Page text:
Authorities Assess Hurricane Damage, Coordinate Relief
Hillsborough County officials and representatives of other agencies are evaluating damage from Hurricane Irma and summoning help for people in need.
On Sept. 14, three days after the storm, authorities had identified 170 properties with flood-related problems, 365 structures damaged by trees, and at least 15 buildings torn by high winds. Their immediate goal: Make homes safe and livable.
The objective is to eyeball every property in the unincorporated area, and to work with the cities of Tampa, Temple Terrace and Plant City to promote recovery. Members of Code Enforcement and Rapid Response, Building Services, Public Works, Public Utilities, Parks & Recreation, Fire Prevention, Public Facilities, and the Property Appraiser’s office are canvassing the area, looking for homes and other structures damaged by fallen trees or limbs, snapped or dangling power lines, and homes, roads, and bridges submerged or threatened by flood waters. Social Services also plays a critical role, ensuring people have shelter, food, and clothing.
Outside agencies and companies are heavily involved in the effort. Tampa Electric Co., the Southwest Florida Water Management District, and the American Red Cross, for instance, are providing equipment, expertise, and hands-on workers.
Coordination of the assessment and response takes place at the Public Safety Operations Complex, Hillsborough County’s $36.1 million dollar facility that opened on Columbus Drive, near Brandon, in February.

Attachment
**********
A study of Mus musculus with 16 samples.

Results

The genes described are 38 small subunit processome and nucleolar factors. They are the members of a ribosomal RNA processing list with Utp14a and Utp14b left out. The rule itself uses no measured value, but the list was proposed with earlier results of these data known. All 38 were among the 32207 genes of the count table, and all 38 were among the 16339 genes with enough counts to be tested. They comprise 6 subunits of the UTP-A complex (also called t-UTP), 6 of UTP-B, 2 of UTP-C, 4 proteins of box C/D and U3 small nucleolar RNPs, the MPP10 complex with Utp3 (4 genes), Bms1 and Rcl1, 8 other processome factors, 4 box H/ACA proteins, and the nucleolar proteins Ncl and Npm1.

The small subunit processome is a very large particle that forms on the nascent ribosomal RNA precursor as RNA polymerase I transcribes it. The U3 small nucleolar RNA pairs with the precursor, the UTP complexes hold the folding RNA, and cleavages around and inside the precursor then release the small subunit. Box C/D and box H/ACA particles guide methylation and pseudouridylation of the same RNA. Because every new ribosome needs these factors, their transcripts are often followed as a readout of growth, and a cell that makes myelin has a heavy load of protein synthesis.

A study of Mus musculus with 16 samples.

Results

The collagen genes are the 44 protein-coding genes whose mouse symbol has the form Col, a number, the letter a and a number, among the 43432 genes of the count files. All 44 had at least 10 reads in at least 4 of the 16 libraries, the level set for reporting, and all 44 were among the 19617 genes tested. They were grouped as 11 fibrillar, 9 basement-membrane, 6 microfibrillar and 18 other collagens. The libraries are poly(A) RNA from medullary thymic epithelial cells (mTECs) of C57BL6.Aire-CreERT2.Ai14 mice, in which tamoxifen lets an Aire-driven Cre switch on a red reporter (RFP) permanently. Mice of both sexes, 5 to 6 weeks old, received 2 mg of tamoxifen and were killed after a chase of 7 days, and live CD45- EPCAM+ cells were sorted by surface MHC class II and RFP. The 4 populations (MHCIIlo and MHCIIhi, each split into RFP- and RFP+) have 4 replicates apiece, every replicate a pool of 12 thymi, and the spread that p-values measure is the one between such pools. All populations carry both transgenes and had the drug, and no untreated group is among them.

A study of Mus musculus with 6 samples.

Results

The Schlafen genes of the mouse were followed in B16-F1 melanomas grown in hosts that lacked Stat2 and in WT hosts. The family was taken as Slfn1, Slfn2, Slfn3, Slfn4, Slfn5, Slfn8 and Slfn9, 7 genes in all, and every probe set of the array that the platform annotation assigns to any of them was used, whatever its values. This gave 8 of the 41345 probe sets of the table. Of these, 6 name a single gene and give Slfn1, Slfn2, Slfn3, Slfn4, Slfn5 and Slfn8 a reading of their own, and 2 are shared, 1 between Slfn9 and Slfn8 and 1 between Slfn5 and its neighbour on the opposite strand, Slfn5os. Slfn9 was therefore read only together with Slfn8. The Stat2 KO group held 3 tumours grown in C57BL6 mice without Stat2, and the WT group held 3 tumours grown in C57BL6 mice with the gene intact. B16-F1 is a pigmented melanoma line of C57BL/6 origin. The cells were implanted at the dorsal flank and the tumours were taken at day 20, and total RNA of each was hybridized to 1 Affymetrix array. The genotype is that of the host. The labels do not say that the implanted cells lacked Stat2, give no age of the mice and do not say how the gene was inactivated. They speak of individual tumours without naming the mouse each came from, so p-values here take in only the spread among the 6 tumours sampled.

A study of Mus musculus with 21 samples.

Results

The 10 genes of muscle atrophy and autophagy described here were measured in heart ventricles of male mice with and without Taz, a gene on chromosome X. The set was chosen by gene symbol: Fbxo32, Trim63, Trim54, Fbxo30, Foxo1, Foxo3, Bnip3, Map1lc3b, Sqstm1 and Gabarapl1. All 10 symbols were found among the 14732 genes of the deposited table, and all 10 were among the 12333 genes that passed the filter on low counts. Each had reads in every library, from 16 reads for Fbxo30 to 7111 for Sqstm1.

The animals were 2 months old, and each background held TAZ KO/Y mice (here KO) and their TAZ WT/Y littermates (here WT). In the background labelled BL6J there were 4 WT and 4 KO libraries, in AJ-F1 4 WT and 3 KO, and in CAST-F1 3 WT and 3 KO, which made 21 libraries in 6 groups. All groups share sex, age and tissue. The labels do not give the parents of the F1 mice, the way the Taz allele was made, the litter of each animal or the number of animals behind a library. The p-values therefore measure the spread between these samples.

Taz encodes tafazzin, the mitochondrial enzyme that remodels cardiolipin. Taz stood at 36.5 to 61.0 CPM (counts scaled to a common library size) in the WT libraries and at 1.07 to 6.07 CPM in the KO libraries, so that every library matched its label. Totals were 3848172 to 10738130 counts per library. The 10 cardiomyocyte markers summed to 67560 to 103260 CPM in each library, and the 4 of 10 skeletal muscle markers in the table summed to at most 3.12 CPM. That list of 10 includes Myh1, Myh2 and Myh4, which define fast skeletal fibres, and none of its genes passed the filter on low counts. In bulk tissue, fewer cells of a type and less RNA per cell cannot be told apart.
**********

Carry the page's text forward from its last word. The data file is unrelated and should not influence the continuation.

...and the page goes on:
Ann Naylon is grateful for the interest and support. A pond behind her double-wide mobile home on Bloomingdale Avenue poured over its banks as Irma raced through Hillsborough County, flooding her yard and neighbors’ properties. Two days later, water rose to the floor of her slightly elevated home. It had receded about two feet by the following day, when a Code Enforcement officer stopped to check on her. Clad in green waders, Ann stood in her front yard, hosing slime off lattice surrounding the base of the structure she has called home since 2003.
She hopes the floor of her mobile home stayed dry, as it did after four hurricanes pounded Florida in 2004. She’ll clean up the mess, and worry about neighbors and those in worse shape than herself, such as people whose homes were flooded by the swollen Alafia River, Little Manatee River, and Bullfrog Creek.
“I’m not so much concerned with me. I’ll survive,” Ann says. “It’s part of living in Florida. You take your chances.”
Emergency officials say South Hillsborough County might have fared the worst. Much of the area is low-lying, especially homes and businesses near the rivers and creek.
The assessment of damages will continue, even as crews hustle to provide food and shelter, clear fallen trees from houses and roadways, and restore electricity. Sometimes damage isn’t immediately apparent, but surfaces when evacuees return to their homes. Weeks after a major storm such as Irma, trees with sodden roots can tumble, or ground drenched with water can give way and form sinkholes.
Authorities at the Public Safety Operations Complex assure residents they will remain vigilant as residents work to recover from the hurricane.